Birds with aberrant coloration are unusual, but not unheard of, in the Tri-Cities. Alert reader Kent Gallagher of Geneva snapped this photo of an American robin at the birdbath in his yard, where it has been seen throughout the summer.
Birds with aberrant coloration are unusual, but not unheard of, in the Tri-Cities. Alert reader Kent Gallagher of Geneva snapped this photo of an American robin at the birdbath in his yard, where it has been seen throughout the summer.

I don’t remember exactly when I learned to identify the American robin.

I’m thinking it was probably about the same time I learned the northern cardinal (aka “redbird”) and the blue jay, but before the common nighthawk, which I clearly remember my dad pointing out one summer evening in 1969 as they soared above the playground at Longfellow School in Wheaton.

I’d imagine other folks have had similar experiences. Well, at least as far as robins, cardinals and the like are concerned. Because these birds are abundant in our area, we – even those of us who are not avid birders – become familiar with them early in life.

But every once in a while, even these well-recognized species can trip us up.

The other day, I received an email from Kent Gallagher of Geneva describing a bird with the exact coloration of an American robin. Well, exact coloration for every part except one.

Kent’s robin had an almost completely white head.

Yep, white. Not bald – bald would indicate the bird had parasites or some other condition that caused its feathers to fall out, and that’s a different topic altogether.

Kent’s bird displayed what is referred to as aberrant coloration – genetic blips that cause pigments to appear in lesser or greater quantities than normal. In this particular case, most of the feathers on the robin’s head, as well as assorted spots along its back, lacked melanin, a pigment that produces dark brown or black coloration in all manner of living things, plants and animals alike. (Although, curiously enough, apparently not in spiders. Again, a different topic altogether.)

Depending on with whom you’re speaking – an ornithologist, an aviculturist or a birding enthusiast – a bird with this condition also may be referred to as partially leucistic, partially amelanistic, pied, piebald or a partial albino – a term bird authority David Allen Sibley advocates as OK for use by birders in the field.

Although I wouldn’t say birds with partially white plumage are common in our area, they’re also not unheard of. In the past couple of years or so, I’ve heard from three other individuals who have spotted birds with aberrant plumages. Of these, two were robins and the other likely was a sparrow or finch.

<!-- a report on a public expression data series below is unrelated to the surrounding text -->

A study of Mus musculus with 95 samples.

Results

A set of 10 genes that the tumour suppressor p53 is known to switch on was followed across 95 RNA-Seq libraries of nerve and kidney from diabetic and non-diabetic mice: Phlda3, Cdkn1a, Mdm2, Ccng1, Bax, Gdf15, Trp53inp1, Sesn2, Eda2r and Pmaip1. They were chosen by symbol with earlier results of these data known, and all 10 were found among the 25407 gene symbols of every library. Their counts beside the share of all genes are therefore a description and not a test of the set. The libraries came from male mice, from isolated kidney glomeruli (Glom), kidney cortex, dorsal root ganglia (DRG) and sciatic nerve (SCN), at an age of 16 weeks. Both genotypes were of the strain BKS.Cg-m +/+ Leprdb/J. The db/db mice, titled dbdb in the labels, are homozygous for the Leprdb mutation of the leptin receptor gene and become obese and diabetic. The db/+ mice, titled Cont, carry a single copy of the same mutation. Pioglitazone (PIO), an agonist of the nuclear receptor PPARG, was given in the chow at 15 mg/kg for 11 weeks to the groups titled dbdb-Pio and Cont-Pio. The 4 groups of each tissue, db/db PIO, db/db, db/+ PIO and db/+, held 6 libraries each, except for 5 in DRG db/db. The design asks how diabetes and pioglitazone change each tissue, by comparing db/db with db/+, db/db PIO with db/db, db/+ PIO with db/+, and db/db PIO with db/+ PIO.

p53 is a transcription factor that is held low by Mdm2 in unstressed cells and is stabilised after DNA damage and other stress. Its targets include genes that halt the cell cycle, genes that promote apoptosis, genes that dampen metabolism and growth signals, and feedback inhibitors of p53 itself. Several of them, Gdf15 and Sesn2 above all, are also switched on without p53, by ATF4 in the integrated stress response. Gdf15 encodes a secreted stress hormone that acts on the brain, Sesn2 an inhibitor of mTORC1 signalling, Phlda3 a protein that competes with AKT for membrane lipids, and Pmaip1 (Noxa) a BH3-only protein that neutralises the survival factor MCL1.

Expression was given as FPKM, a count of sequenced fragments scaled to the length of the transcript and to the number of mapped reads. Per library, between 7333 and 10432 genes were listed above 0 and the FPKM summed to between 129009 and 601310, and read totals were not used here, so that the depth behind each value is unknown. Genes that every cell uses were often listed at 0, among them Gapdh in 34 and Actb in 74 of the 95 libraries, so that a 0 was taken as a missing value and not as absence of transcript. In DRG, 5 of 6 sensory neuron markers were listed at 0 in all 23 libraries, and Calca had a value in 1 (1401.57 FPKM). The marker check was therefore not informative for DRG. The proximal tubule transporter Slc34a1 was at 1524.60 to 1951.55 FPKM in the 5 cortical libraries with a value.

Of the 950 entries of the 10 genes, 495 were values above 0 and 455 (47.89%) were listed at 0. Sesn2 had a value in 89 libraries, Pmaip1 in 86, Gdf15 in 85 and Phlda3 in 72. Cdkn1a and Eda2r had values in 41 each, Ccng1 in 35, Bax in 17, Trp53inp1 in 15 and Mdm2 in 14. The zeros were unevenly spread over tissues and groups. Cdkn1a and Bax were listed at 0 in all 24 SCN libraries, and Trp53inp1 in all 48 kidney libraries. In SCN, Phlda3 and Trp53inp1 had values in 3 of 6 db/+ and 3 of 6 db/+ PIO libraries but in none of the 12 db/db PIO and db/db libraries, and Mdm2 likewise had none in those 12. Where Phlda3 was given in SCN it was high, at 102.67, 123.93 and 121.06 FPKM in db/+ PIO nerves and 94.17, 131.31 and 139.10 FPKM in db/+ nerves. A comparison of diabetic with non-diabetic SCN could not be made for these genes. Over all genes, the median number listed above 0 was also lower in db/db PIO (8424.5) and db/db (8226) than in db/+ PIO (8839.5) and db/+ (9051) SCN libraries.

Could those robins be the same one that Kent observed? Or possibly related?

I suppose they might be, but without actually capturing the birds and performing a genetic analysis, it’s impossible to say.

What we do know about birds, or any animals, with aberrant coloration is they face additional challenges in their daily campaign for survival. A patch of bright white feathers contrasts mightily with other normal-colored feathers, making camouflage difficult. Because plumage color often plays an important role in courtship, birds with abnormal pigmentation may have trouble finding a mate. And because melanin also contributes to feather structure, birds lacking the pigment may have feathers that are brittle, don’t protect from the elements very well, and can even break in flight – troubling consequences that often lead to shorter life expectancies.

As for Kent’s bird, we can make at least a couple of assumptions. Because the speckled-breast coloration of a juvenile robin has given way to the robin-redbreast plumage of an adult, and its beak is yellow, we know the bird is an adult and has survived anywhere from a few months to more than a year despite its white head and spotted back.

With fall migration in full swing, many thousands of birds are moving around and through our area each day. With the arrival of each new group, there’s always a chance that something unusual may pop up. Who can say? You may see a bird you don’t know.

Or do you?

• • •

If you’re the sort of person who finds natural phenomena endlessly fascinating, have we got a deal for you! After a year’s hiatus to retool and update, the Kane County Certified Naturalist program will return in January. The new KCCN offers six weeks of Tuesday night lectures along with three Saturday field trips geared toward specific areas of our local environment – geology and soil; weather and climate; ecology; woodlands and prairies; wetlands and aquatic systems; and zoology.

Details will be discussed at an information session from 7 to 8 p.m. Tuesday at the Hickory Knolls Discovery Center, located within the James O. Breen Community Park in St. Charles. Think you might want to attend? Give a call to let us know you’re coming, at 630-513-4399.

• Pam Otto is the manager of nature programs and interpretive services for the St. Charles Park District. She can be reached at 630-513-4646.